Swipe-and-sign is one of the most time-honored rituals in retail. When customers are ready to make purchases, they:
- Swipe the credit card in a POS reader
- Receive a printed time-stamped receipt
- Put their John Hancock on the signature line
On April 13, most major credit card brands will remove the signature requirement at the point of sale. Mastercard and Visa are phasing out this step across North America, while American Express is eliminating the signature requirement worldwide.The rationale is very simple …
Why Signatures Will No Longer Be Required
For years, merchants and credit card brands have used customer signatures as:
- A security authentication measure
- Documentation for dispute resolution
Signatures are relatively easy to forge, which partially explains why 75 percent of Visa sales throughout Canada, Mexico and the United States don’t involve signatures at all. There simply isn’t much benefit.
Moreover, recent advancements in financial technology (“fintech”) have produced a range of security features that offer far more protection.
EMV credit cards, for example, require that customers enter their personal identification numbers (PINs) to initiate transactions at the checkout counter. Only the cardholder knows this PIN, making fraudulent purchases very difficult with EMV plastic.
There are many other benefits of dropping the signature requirement from brick-and-mortar retail. Below are some of the biggest ones.
Benefit 1: Shorter lines (and more sales)
Signing a receipt doesn’t take long. Only a few seconds. But when you’re processing hundreds (or thousands) of transactions every week, those seconds can add up.
By removing this step, however, merchants can process more transactions per unit of time. This means shorter lines, more sales and higher profits.
As a side benefit, this speed also allows you to focus more attention on each customer. This can improve the overall shopping experience, which again, can lead to more sales.
Benefit 2: You’re no longer the “bad” cop
With this rule change, you’ll no longer have to compare signed receipts to whatever signatures are on the backs of your customers’ cards. This speeds up the sales process (another win).
It also removes some of the awkwardness that comes with the verification step. You don’t have to feel like a border agent or beat cop, demanding to see everyone’s “papers, please.”
Besides, are you really a handwriting expert? Maybe you are, but how many sales have you actually turned away because of a signature mismatch?
Benefit 3: Reduced overhead expenses
Signatures have little value if they aren’t stored for future disputes. That’s kind of the whole point.
But this requires maintaining paper copies or electronic versions of every signature that enters your payment environment. This storage costs money. It also takes a lot of time to sort and organize hard copies.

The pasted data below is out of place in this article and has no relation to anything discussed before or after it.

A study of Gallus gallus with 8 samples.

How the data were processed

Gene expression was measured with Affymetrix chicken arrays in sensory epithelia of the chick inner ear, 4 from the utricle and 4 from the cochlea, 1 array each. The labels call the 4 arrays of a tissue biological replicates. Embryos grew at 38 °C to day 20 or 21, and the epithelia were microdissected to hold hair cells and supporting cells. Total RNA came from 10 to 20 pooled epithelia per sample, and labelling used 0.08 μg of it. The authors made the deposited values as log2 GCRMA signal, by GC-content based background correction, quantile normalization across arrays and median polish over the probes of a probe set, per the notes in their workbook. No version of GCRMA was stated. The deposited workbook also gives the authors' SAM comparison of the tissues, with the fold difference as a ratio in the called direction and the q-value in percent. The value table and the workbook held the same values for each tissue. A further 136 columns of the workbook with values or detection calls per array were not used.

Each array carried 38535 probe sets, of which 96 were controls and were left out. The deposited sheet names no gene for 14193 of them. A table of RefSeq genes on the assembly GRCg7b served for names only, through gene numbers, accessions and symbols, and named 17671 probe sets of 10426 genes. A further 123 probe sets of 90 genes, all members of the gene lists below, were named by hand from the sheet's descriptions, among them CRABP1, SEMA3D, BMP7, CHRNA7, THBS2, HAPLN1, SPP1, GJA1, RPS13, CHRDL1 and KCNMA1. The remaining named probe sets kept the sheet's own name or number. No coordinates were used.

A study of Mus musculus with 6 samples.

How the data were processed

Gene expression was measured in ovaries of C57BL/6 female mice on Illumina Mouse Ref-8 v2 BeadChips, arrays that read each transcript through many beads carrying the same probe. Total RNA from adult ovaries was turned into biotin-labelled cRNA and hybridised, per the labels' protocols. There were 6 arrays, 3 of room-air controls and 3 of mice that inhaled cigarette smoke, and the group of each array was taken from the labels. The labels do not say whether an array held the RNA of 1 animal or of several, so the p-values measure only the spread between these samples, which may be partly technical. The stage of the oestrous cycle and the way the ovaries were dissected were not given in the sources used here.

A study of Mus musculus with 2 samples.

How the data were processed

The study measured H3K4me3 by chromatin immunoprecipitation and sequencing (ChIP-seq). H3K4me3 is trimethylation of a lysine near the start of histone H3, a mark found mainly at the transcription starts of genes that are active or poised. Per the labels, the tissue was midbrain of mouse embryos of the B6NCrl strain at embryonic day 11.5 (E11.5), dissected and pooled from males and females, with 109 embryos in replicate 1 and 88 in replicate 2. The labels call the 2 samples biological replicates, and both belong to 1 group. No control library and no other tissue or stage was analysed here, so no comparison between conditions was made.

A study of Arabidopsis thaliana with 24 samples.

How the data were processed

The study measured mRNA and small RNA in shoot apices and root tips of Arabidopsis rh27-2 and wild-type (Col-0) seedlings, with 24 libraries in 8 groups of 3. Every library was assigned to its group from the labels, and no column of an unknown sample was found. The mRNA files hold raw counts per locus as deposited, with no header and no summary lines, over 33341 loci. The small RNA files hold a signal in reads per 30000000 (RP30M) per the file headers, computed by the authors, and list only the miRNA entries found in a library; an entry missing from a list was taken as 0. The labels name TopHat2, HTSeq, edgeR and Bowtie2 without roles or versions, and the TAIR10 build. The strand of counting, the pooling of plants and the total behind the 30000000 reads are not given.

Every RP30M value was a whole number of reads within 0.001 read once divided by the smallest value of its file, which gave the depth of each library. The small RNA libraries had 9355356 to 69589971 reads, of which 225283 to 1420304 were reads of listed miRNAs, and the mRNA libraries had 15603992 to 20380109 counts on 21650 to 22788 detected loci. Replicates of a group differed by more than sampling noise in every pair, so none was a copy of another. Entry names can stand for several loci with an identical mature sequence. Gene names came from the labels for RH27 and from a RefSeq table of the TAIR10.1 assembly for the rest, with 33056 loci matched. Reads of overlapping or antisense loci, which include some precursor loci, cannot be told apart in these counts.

Removing the signature requirement also removes these unnecessary costs. So, you get to keep more of every dollar that comes in.
Benefit 4: Easier dispute resolution — maybe
By dropping the signature requirement, you’ll no longer have to supply signed receipts to prove you’ve properly disclosed certain store policies — such as how you handle refunds and returns.
Whether this makes the dispute resolution process easier remains to be seen, but not having signed receipts will no longer count against you. However, you’ll still need to display your refund policy clearly in-store to avoid any problems down the road.
Benefit 5: Cleaner, greener operations
The retail industry consumes a lot of paper. A lot.
A surprising amount of that waste comes from receipts and sales slips. By some estimates, U.S. retailers print more than 640,000 tons of paper at the checkout counter every year. That’s the equivalent of 10 million trees cut down annually.
Many of those receipts are made with a type of thermal paper that can’t easily be recycled. Dropping the signature requirement won’t eliminate this problem entirely, but it can help reduce some of this waste if you consolidate the merchant copy, customer copy and itemized sales receipt across fewer pieces of paper.
Benefit 6: Improved health
Believe it or not, there are health benefits to removing the signature requirement. That’s because the thermal paper used to create receipts are often coated with Bisphenol A (BPA). This synthetic compound makes paper more heat-resistant for the type of inkless printing that many POS terminals use.
However, BPA is still allowed in most places around the globe — including the United States. Removing the signature requirement means you won’t have to physically handle as much BPA-laced paper throughout the day. Neither will your customers.
Swipe and Sign: The End of an Era
Signatures enjoyed a long run, but their time has finally come. In their place, merchants are now using cheaper, faster and more secure ways to verify in-store transactions.
Want to learn about some of these emerging technologies? We’re here to help.